Now that we're through the non-conference portion of Michigan's 2018 football season, we've learned two things:
1) The defense is very, very good, but it's not special.
2) This team will go as far as Shea Patterson takes them.
Let's take these one at a time, starting with the defense. Michigan comes out of the non-conference surrendering 276.4 total yards and 15.7 points per game. Those are numbers are on par with Don Brown's first two defenses in Ann Arbor, and are especially outstanding given today's more wide-open offensive version of college football. However, as we saw last season when it couldn't hold leads in the final three games of the season the Wolverines lost, and was put back on its heels at the start of the Notre Dame game this year, preseason comparisons to 1997 were delusions of grandeur.
Nevertheless, it doesn't have to be 1997 special for Michigan to finally end its longest championship drought in program history this season. It just means the Wolverines need to do something consistently that has eluded the program for many years now -- play complementary football.
Every player that started on defense for Alabama in its 2015 and 2016 national title game clashes with Clemson eventually made it onto a NFL roster. In other words, those were some elite units. Still, the Crimson Tide needed to score 45 points to eke out a win in the 2015 national championship game, and scored 31 in the 2016 national title game and still lost. In other words, even elite defenses need complementary football in today's era of wide-open offenses.
This is why Shea Patterson is the most valuable player on this year's team, which many of us suspected might be the case before the season, but the history of the Wolverines under Harbaugh confirms.
So far, Harbaugh is 30-12 (.714 win percentage) at Michigan. While that's pretty good, and clearly an upgrade over the .574 win percentage the Wolverines posted for the decade prior to his arrival, if Michigan had played more complementary football it would've been so much better.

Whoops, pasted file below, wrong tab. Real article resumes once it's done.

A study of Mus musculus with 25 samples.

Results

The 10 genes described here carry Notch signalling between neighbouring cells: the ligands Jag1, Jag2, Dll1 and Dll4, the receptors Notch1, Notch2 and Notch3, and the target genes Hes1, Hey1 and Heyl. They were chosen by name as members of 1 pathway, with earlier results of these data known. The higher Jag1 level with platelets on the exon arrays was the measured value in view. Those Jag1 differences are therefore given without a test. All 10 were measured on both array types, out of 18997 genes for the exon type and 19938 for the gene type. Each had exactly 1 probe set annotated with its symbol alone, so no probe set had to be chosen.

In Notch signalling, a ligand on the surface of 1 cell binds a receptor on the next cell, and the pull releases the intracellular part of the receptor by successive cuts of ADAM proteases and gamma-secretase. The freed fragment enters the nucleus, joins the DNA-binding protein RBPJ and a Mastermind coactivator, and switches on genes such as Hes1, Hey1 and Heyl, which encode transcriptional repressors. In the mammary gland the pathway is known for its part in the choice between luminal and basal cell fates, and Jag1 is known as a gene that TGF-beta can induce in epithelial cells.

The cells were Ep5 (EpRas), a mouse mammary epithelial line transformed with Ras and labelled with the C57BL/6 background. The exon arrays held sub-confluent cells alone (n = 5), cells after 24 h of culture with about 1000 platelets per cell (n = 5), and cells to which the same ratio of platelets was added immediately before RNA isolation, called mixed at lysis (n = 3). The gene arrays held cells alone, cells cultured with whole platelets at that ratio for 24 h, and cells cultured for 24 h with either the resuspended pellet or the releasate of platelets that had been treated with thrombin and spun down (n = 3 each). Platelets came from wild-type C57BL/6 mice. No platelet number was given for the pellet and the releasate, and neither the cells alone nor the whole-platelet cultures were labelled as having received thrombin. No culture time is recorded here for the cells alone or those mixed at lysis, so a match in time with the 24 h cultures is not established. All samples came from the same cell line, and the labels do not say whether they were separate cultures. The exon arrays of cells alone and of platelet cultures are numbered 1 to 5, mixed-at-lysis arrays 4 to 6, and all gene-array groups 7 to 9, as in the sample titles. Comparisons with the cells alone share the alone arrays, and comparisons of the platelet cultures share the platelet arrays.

In half of Harbaugh's 12 losses so far, the opponent scored 24 points or less in regulation.
If Michigan had managed to score 25 points in those games, which would've ranked as the 90th best scoring offense in college football last season, Harbaugh's entire resume is transformed. Michigan is 10-2 instead of 9-3 and likely in a New Year's Six Bowl as opposed to the Citrus Bowl in 2015. Michigan finishes the 2016 regular season undefeated, and finally makes it to Indianapolis for the Big Ten title game. Likely ranked #2 in the country behind only Alabama. And 2017 goes from 8-4 to 10-2, and again Michigan is likely New Year's Six bound instead of losing to South Carolina in the Outback Bowl. Furthermore, Harbaugh's win percentage jumps to an impressive .857. That's Nick Saban-Urban Meyer territory.
"But, Steve," some of you will say, "you can't expect to win all those games. Be more realistic."
You're right, so let's say Harbaugh only wins half those six games. Now he's 33-9 (.787 win percentage).
Let's say Michigan still loses Harbaugh's first game at Utah with a team and coach getting to know each other. Still loses this year's opener at Notre Dame, where the Wolverines are breaking in a new quarterback and have never won a road game. That leaves three of those wins spread out over the 2016 and 2017 seasons -- at Iowa and at Ohio State in 2016, Michigan State and at Wisconsin in 2017. Pick any three of those games, give Michigan 25 points on the scoreboard, and all of a sudden the entire perception of the Harbaugh era changes, haters be damned.
Gone is the embarrassing road losing streak against ranked opponents. Gone is the rivalry game narrative. Gone is the Indianapolis void. Everything changes, and for the much better.
Keep in mind, we're not asking for superhuman here. In fact, in three of those games (Iowa and Ohio State in 2016, Michigan State in 2017) the Wolverines needed to score fewer than 20 points in regulation to win. Hardly an insurmountable task, unless your quarterback play isn't capable of playing complementary football against quality opposition.
Now, though, Harbaugh has his five-star quarterback, and already you can see the improvement:
So here's what this all means: in Shea we trust.